Having trouble affording housing in the Bay Area? That’s not likely to end soon: The Bay Area led the state in population growth, according to a new report by the California Department of Finance.
Overall, California’s population grew by almost 298,000 residents in 2012 to 37,966,000 as of Jan. 1, 2013, the department found.
That works out to a 0.8 percent growth rate, which is slower than the state’s boom periods, the Sacramento Bee notes:
Numerically, that’s about half the annual growth California experienced during the 1980s, when high immigration and birth rates hit the state, and proportionately it’s scarcely a third of the 1980s rate.
Four out of the five fastest-growing counties are in the Bay Area. Santa Clara County took the lead with 1.6 percent growth. Alameda, San Mateo, and San Francisco counties all had growth rates over 1 percent.
San Diego, California’s second-largest city, now has a population of 1,326,238 after adding more than 11,000 during the year.
In third place among cities, San Jose came in at 984,299, having added more than 14,000.
Here are the 10 largest cities, along with the percent change in population between Jan. 1, 2012, and Jan. 1, 2013:
1. Los Angeles 3,863,839 (1.0)
2. San Diego 1,326,238 (0.8)
3. San Jose 984,299 (1.5)
4. San Francisco 825,111 (1.1)
5. Fresno 508,453 (0.9)
6. Sacramento 473,509 (0.7)
7. Long Beach 467,646 (0.6)
8. Oakland 399,326 (1.1)
9. Bakersfield 359,221 (1.3)
10. Anaheim 346,161 (0.6)
Santa Clarita in Los Angeles County was the fastest-growing city in California, increasing by 15.4 percent, but most of that growth came from the annexation of neighboring communities.
The next four fastest-growing cities were Dublin in Alameda County (6.8 percent), Lake Elsinore in Riverside County (4.2 percent), Imperial in Imperial County (4.1 percent) and Indio in Riverside County (4.0 percent).
Dublin and Imperial added residents by building housing. Lake Elsinore and Indio added a large number of housing units and also had considerable growth from annexation activity.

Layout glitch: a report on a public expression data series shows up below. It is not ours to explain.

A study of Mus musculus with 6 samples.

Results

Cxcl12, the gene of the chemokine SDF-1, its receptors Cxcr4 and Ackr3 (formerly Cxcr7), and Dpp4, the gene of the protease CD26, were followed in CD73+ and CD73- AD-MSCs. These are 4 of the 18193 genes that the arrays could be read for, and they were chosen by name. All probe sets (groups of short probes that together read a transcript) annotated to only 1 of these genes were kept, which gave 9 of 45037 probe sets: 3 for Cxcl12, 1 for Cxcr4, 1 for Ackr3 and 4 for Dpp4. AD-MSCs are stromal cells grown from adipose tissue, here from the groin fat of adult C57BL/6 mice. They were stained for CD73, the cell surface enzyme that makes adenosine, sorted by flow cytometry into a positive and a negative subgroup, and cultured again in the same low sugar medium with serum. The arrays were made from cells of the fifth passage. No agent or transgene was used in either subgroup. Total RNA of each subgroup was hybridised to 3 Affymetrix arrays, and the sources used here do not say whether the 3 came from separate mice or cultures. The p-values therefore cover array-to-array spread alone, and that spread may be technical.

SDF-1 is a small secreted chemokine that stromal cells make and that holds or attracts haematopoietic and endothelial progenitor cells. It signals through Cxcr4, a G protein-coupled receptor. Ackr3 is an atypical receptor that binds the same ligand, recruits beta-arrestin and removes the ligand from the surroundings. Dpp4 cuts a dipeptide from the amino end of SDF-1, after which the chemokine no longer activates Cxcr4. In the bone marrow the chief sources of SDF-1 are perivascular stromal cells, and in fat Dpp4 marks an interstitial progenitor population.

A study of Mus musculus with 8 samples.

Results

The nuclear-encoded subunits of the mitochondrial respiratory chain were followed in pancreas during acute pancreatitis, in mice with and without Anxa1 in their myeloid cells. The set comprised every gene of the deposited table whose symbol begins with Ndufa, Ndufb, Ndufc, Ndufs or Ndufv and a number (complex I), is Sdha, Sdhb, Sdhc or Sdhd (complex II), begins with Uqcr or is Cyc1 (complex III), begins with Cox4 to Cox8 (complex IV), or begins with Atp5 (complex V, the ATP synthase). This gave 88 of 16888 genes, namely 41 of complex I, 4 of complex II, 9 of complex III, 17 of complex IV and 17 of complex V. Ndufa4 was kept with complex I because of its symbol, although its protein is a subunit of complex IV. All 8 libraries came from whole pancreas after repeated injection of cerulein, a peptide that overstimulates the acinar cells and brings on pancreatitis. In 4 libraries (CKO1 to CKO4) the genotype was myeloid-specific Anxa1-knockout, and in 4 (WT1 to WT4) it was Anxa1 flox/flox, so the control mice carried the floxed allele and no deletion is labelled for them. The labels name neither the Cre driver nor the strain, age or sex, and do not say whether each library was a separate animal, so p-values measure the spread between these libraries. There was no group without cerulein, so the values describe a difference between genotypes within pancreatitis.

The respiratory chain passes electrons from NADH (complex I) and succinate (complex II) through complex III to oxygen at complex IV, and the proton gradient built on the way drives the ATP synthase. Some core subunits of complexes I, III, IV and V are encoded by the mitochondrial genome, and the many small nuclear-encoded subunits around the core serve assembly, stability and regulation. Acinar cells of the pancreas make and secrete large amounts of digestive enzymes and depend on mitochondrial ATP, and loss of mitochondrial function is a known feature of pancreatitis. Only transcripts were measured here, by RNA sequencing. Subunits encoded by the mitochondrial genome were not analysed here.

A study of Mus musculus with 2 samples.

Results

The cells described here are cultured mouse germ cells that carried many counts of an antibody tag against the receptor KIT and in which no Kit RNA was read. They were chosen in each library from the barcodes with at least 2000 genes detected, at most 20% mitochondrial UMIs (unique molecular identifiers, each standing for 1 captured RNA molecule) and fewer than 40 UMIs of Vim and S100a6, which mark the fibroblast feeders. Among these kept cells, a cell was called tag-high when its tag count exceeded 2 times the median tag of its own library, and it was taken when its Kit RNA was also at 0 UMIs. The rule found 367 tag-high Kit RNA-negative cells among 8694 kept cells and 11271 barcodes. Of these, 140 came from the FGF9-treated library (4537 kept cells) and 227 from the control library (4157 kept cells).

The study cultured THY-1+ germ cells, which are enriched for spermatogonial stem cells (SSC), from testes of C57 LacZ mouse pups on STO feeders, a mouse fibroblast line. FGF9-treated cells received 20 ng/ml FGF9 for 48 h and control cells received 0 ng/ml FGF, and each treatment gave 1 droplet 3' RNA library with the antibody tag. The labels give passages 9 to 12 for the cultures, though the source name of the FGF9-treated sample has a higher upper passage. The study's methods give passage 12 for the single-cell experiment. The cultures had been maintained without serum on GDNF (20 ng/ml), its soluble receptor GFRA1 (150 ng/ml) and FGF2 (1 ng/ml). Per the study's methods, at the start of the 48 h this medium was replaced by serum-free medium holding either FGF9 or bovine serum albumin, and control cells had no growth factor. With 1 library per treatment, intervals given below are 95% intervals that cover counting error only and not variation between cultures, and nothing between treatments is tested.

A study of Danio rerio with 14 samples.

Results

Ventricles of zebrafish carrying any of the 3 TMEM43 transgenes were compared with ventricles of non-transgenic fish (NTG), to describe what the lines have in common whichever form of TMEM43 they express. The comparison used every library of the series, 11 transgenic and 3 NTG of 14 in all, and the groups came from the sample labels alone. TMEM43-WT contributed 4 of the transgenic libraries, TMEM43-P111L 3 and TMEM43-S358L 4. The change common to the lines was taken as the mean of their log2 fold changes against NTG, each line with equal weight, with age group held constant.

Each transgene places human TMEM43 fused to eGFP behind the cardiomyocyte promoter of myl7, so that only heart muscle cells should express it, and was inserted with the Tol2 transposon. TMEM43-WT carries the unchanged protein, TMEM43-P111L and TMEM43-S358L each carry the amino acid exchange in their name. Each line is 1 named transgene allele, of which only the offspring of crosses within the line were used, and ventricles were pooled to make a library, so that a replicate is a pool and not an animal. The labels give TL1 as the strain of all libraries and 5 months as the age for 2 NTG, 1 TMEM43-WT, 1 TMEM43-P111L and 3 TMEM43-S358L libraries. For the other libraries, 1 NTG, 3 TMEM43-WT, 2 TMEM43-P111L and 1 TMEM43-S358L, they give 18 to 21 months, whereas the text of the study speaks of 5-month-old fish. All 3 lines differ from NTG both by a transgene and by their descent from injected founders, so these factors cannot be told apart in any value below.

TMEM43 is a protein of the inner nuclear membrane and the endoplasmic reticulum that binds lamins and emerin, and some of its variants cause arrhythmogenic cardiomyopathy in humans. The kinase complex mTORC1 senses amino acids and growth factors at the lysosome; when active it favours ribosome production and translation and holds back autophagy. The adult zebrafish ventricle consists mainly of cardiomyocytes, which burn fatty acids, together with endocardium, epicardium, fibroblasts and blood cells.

The 2013 report lists 482 California cities, of which 444 had gains in population, 37 lost population, and one (Amador) experienced no change.
While still at historically low levels, California’s statewide housing growth, as measured by net unit growth in 2012, was up 27 percent over last year, adding 45,309 housing units compared with the 2011 net increase of 35,638 units.
For the first time, multiple-family housing units surpassed single-family homes in new construction throughout the state.
In 2012, local jurisdictions reported 23,801 multiple-family housing units and
only 20,883 single-family homes statewide. In addition, 625 mobile homes were added.
Group quarters — such as college dorms, prisons and military barracks — account for only slightly more than 2 percent of California’s population. Last year, group quarters declined by 1.2 percent statewide, led by the continued reduction in state prison populations.
Prison declines caused some smaller cities, such as Calipatria in Imperial County and Ione in Amador County, to experience large proportional population losses in 2012. Other cities, such as Folsom in Sacramento County that typically add population, saw a population decline last year due to a loss of group quarters population. Federal prison population remained steady, while college dormitory population showed an increase.
Related population reports are available on the department’s website.